The heads of the Big 3 automakers are back in Washington - this time, sans private jets, fortunately.
They have revised their wishlist and one head honcho is even going to take a $1 annual salary until the debt is repaid. Am I thoroughly convinced that the taxpayer should bear the brunt of this debt at a moderate interest rate? Not in the least. Should we really have to pay for the mistakes of managers gone awry? The price and quality of the US automobile has not kept up with those of Japan and other countries. The automakers have not been as aggressive in bringing to the consumer models that are not as reliant on so much darn gasoline.
Why is it again that we should help them? I don't have any relatives or even friends in the auto industry, and I do not mean to sound cold, but why is this our problem? Other companies and consumers have to file for bankruptcy protection at such times as this - this gives them a chance to reorganize their debts (under chapter 11), come up with a credible plan of attack and restructure the company to make it profitable again.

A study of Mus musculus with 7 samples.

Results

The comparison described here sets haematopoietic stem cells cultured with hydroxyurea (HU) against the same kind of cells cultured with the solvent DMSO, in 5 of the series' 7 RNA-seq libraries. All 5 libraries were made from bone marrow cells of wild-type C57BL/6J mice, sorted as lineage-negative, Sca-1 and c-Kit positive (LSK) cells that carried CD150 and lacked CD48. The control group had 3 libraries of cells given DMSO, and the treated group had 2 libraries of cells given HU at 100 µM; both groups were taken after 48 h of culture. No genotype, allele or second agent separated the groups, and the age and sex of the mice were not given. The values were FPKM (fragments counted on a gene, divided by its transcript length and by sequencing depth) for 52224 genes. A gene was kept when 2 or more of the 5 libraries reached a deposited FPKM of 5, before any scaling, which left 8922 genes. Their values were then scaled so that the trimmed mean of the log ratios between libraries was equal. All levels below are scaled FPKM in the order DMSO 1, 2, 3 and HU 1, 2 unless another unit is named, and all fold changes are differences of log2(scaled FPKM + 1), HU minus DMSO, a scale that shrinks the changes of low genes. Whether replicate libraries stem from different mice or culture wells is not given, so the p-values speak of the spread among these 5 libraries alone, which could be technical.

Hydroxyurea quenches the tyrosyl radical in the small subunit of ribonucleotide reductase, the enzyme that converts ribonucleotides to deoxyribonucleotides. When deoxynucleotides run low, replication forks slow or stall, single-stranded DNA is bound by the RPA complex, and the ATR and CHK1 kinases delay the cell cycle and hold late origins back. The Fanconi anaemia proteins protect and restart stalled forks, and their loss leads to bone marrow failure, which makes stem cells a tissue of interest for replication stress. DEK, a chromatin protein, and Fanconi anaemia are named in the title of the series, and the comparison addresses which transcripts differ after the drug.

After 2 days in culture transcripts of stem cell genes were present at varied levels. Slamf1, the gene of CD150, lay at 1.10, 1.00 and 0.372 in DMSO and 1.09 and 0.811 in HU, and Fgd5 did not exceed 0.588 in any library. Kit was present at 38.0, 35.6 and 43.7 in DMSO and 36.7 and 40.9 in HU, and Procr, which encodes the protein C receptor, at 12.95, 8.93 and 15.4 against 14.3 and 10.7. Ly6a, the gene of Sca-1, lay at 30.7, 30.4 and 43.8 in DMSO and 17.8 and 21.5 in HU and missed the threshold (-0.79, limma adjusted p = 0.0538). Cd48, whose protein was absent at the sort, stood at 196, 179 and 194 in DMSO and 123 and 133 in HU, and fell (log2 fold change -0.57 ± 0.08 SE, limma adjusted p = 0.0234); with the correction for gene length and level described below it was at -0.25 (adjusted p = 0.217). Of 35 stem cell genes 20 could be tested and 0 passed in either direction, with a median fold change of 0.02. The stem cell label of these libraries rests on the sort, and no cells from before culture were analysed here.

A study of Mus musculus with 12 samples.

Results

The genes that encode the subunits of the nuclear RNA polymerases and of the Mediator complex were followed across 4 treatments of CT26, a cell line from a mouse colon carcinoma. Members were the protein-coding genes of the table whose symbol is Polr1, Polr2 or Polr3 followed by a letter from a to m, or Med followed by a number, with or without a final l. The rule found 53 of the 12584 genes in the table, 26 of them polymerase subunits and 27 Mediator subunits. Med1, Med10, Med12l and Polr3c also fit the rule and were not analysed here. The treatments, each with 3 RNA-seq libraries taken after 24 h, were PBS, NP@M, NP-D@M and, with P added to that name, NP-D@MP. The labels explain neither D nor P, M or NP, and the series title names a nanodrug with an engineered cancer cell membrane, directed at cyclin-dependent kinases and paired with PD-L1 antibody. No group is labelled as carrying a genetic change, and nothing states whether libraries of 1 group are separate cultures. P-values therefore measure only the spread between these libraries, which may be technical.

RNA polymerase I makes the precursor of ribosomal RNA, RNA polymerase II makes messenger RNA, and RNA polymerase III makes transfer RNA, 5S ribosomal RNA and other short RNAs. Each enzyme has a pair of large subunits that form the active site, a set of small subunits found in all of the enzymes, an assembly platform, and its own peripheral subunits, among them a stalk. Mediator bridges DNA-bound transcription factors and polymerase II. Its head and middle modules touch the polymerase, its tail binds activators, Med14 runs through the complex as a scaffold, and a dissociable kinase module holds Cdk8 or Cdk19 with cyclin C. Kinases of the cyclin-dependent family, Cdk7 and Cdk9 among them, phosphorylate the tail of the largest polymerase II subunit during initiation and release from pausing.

Lee Iacocca asked where have all the leaders gone as it related to political figures in his recent book, "Where Have all the Leaders Gone?" When he was the head of Chrysler, they received a similar bailout, but the monies were repaid within an inordinately short period of time under his fine leadership.
If I were able to have my say on this, aside from in this blog, I would ask the Bush and Obama administrations to insist that the automakers bring Lee Iacocca and Mitt Romney to the table - and force the automaker heads to work with these two remarkable intuitive men when it comes to business acumen. Romney has amassed a fortune turning companies around - it is just too easy for some to get in that line and ask for a handout, not a handup. I say we make it a tad harder.